Source: PIA


The National Association of Professional Insurance Agents (PIA) is encouraged by a new bill introduced in the House that makes key reforms to the National Flood Insurance Program (NFIP). The bill, tentatively titled the Flood Insurance Reform Priorities Act of 2010, is scheduled for a mark-up by the House Financial Services Committee today, Thursday April 22.

“PIA is very encouraged that Congress is finally acting on this,” said PIA National Director of Federal Affairs Mike Becker. “The need to enact comprehensive reform to the flood insurance program is well known.”

The initial draft of the Flood Insurance Reform Priorities Act of 2010 includes a five-year reauthorization of the NFIP, increases the coverage limits for policies issued under the program and does not offer wind coverage. PIA supports the five-year reauthorization as well as increasing coverage limits, but opposes adding wind coverage to the flood insurance program.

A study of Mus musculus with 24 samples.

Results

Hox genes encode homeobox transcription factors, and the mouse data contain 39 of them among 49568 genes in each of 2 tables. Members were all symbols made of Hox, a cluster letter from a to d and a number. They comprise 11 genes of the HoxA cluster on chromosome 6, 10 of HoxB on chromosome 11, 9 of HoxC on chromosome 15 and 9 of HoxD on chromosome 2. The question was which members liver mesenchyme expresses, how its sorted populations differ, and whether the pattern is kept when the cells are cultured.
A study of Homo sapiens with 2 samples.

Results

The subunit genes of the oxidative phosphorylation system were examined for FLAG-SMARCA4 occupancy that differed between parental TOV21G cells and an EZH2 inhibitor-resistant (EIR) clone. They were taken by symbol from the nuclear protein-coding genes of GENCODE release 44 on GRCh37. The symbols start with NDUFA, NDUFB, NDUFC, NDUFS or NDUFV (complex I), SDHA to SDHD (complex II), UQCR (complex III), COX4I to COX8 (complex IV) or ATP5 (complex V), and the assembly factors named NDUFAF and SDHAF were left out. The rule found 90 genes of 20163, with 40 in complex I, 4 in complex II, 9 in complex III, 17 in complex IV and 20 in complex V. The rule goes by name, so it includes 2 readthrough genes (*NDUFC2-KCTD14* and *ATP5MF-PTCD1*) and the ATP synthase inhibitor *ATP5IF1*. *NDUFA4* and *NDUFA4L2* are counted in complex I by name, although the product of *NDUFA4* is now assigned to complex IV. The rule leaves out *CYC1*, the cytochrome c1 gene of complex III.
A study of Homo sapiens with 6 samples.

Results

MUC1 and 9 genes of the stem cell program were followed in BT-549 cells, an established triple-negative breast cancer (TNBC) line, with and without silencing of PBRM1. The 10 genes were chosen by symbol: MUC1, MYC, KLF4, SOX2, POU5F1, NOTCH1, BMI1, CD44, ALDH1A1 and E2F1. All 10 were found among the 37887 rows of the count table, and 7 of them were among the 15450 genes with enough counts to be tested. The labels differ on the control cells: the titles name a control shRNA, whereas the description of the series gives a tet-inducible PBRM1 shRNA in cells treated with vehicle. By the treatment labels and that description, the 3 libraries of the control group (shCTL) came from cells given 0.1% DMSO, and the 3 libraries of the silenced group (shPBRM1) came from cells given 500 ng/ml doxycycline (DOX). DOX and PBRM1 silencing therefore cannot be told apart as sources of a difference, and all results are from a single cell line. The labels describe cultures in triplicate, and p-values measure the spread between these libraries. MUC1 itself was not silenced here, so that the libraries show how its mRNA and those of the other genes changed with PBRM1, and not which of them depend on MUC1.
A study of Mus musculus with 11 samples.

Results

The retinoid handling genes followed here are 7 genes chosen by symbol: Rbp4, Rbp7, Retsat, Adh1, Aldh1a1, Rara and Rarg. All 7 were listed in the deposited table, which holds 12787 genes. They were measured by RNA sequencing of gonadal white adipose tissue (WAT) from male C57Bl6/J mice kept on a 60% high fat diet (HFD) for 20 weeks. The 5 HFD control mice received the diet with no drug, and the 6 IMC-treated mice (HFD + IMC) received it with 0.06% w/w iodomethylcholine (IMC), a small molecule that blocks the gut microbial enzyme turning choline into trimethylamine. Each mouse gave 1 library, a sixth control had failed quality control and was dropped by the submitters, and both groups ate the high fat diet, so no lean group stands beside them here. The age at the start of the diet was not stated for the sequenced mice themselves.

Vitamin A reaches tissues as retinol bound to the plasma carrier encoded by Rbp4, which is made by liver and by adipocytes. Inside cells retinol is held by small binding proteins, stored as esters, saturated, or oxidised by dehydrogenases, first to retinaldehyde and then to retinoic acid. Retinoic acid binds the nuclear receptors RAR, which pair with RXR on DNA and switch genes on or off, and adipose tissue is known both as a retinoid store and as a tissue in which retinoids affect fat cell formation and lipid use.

The House Financial Services Committee is to be congratulated for moving forward with this bill,” Becker said. “The NFIP provides millions of Americans with an important financial backstop, helping them manage risks and recover from flooding events. Enacting key reforms and reauthorizing the program for five years will provide needed stability in the marketplace.” Becker added that expanding the NFIP’s offerings to include commercial business interruption coverage would also be a positive step.

At the same time, PIA reiterated its opposition to the Multiple Peril Insurance Act (H.R. 1264) introduced by Rep. Gene Taylor (D-Miss.), which would add wind damage coverage to the National Flood Insurance Program. H.R. 1264 is also scheduled for a mark-up by the House Financial Services Committee on April 22.

Currently, only flood insurance is provided by the NFIP while wind perils are covered under homeowners’ insurance policies and statewide wind pools. PIA believes that combining the two perils in the NFIP would cause confusion and spur litigation.